Do you ever struggle with how or why you handle situations in relationships the way that you do? I know I do. I often find myself reacting with a level of intensity to a particular situation in the office or at home in ways that, frankly, I find disturbing. It makes me back up and question what’s really going on inside of me. And that’s not all bad.
We need to pay attention to what’s going on inside of us because it helps us better understand why we do what we do. The sorting process is messy to say the least. It’s often convoluted and not nearly as definitive as I’d like. But isn’t that how most of life is—messier than we ever expected it to be?
So at the risk of sounding reductionistic or overly simplistic (I hope that’s not the case), here’s what I’ve observed in myself and in others that has been helpful. I look at how I tend to handle things with these two categories in mind: reactions vs. responses.
Reactions are more often than not my emotional reflex to a particular situation. My reactions can range anywhere from wildly excited and exuberant celebrations over good events to clenched-teeth, tight-lipped anger when things don’t go my way—and everything in between.
Reactions don’t feel like choices. They’re just there, such as when I flinch or reflexively tense up when I think I’m going to get hit. If something comes flying at my face, my reaction is to blink. I don’t think about it. I just do it. It’s a natural (and sometimes learned) self-protective reaction to a perceived threat.
Reaction is often used in the field of chemistry to describe what happens when certain chemical compounds are mixed together in specific proportions. The result is a chemical reaction. And while our emotions do stir chemicals within us, our reactions are not merely reduced to chemical responses within the body. The soul—the immaterial part that mysteriously makes us us—is involved in how we react to situations we face.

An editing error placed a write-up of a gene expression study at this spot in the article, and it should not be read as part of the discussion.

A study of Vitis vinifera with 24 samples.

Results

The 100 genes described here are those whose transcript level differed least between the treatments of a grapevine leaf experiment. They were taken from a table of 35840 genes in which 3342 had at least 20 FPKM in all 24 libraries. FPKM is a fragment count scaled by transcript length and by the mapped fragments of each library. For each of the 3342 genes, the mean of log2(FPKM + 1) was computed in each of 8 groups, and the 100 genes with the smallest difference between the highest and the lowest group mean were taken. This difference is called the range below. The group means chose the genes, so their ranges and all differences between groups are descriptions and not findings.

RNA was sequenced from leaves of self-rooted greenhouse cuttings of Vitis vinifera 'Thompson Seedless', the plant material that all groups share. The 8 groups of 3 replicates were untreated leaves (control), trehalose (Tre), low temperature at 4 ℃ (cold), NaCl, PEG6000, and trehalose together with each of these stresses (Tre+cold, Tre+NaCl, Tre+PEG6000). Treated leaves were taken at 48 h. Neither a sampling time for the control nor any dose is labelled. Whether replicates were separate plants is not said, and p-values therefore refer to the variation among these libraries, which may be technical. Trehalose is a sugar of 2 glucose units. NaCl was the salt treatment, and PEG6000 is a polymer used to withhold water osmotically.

Responses, on the other hand, are more conviction- or belief-driven ways we handle relationships. It’s not that they are devoid of emotions, but that they are not driven solely by feelings. More reasoning takes place so that it’s a measured and thoughtful response to either positive or negative circumstances.
First response teams are a good example of responding vs. reacting. Response teams undergo training so that they are equipped to efficiently handle stressful emergency situations when needed. First responders follow predetermined protocol and strategies to maximize effectiveness under difficult situations where others tend to freeze up because of the emotions they feel.
Now don’t get me wrong. First responders do have emotions. They feel a lot, but they are driven by their training and protocols. They’ve been trained to set aside their emotions until after the threatening situation has been stabilized.
The apostle Paul reminds us that what we think about ahead of time—things that are true, noble, right, pure, lovely, admirable—will shape how we handle relationships: “Whatever you have learned or received or heard from me, or seen in me—put it into practice. And the God of peace will be with you” (Phil. 4:8-9, emphasis added).
So when it comes to relationships and evaluating how you’ll respond when challenging situations arise (and you know they will), ask yourself these questions: “Am I responding or am I reacting? Are my emotions driving my reaction to a particular individual or event I perceive as threatening, or are my beliefs driving my response?”
We’ll never be able to discern whether we’re reacting or responding to situations unless we start paying attention to what’s going on inside us. So that’s my challenge to you. Are you in? Let me know what you discover about yourself and what you found helpful.